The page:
One wonders whether George Bush realises that his infamous and widely discredited "war on terror", rooted in imperial goals, lies in tatters?
Your report on the latest defeat by the Bush administration, "Big blow for Bush as Guantanamo Bay suspects get relief" (The Star, June 13), shows that the US Supreme Court has struck down the law Bush bulldozed through the Republican-led Congress in 2006, taking away the habeas corpus rights of terrorism suspects to seek judicial review of their detention.
Interestingly, while Justice Anthony Kennedy's 70-page majority opinion did not address the legality of Bush's power to detain prisoners at Guantanamo Bay, it rebuked Congress for failing to create an adequate alternative for prisoners to contest their detention.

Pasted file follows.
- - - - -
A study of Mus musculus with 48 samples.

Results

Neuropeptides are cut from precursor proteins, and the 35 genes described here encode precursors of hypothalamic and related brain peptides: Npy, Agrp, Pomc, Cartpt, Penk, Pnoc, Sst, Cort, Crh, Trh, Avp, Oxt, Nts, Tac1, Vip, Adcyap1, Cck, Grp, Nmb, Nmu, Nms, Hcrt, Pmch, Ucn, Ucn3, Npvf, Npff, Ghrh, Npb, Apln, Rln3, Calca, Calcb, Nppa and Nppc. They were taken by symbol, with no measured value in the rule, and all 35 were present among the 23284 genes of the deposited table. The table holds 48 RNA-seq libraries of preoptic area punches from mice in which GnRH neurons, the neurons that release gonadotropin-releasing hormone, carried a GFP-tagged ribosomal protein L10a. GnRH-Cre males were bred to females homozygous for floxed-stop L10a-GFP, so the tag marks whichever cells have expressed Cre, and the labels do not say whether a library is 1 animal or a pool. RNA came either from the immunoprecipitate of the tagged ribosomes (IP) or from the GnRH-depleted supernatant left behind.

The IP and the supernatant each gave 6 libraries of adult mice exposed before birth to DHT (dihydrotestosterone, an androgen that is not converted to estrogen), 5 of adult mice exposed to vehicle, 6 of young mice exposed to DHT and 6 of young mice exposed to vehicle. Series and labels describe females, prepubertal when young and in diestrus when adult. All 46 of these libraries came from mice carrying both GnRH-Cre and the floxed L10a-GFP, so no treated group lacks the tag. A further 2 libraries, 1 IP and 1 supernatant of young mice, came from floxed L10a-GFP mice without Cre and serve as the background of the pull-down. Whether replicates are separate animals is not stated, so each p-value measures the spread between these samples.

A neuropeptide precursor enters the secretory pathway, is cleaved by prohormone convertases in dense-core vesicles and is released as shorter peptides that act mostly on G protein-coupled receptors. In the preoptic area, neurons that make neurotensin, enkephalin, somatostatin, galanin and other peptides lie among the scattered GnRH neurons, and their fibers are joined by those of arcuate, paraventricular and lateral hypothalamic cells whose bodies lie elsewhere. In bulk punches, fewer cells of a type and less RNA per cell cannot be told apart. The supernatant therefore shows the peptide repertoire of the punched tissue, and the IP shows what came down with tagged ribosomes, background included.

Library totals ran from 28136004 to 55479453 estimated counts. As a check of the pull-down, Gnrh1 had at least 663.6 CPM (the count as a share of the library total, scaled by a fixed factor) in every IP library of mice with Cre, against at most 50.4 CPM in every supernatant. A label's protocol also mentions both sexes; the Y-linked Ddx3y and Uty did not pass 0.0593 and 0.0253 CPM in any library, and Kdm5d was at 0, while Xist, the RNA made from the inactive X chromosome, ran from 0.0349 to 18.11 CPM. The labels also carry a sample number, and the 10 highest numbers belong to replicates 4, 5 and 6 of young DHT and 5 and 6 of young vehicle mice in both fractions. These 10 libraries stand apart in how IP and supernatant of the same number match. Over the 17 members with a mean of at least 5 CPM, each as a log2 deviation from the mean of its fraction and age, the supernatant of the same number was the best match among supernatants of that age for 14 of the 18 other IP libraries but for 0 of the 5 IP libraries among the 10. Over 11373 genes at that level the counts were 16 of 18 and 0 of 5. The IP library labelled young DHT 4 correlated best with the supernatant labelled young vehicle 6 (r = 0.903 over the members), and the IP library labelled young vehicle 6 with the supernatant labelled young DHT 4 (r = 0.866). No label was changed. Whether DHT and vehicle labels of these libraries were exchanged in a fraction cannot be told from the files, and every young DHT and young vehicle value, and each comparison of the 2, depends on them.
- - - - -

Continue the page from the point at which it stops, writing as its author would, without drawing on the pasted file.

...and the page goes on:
Also significant is that Kennedy confirmed that many detainees have been held for six years without any definitive judicial determination of their detention, and added that the "war on terror", which commenced on September 11 2001, is among the longest wars in American history.
Detention without trial was a notorious characteristic of the apartheid regime's oppressive laws. The 90- and 180-days incarceration periods were particularly repugnant abuses of human rights practised by the dinosaurs of the past.
Although SA's freedom struggle was underpinned by moral imperatives embraced by many anti-apartheid veterans globally to confront such abuses, it is unfortunate that similar resolve to oppose US infringements of civil rights is lacking.
This is explained by "embedded journalism", misplaced patriotism and an unwillingness by "terror experts" to cross swords with the Bush doctrine.
Published on the web by Star on June 17, 2008.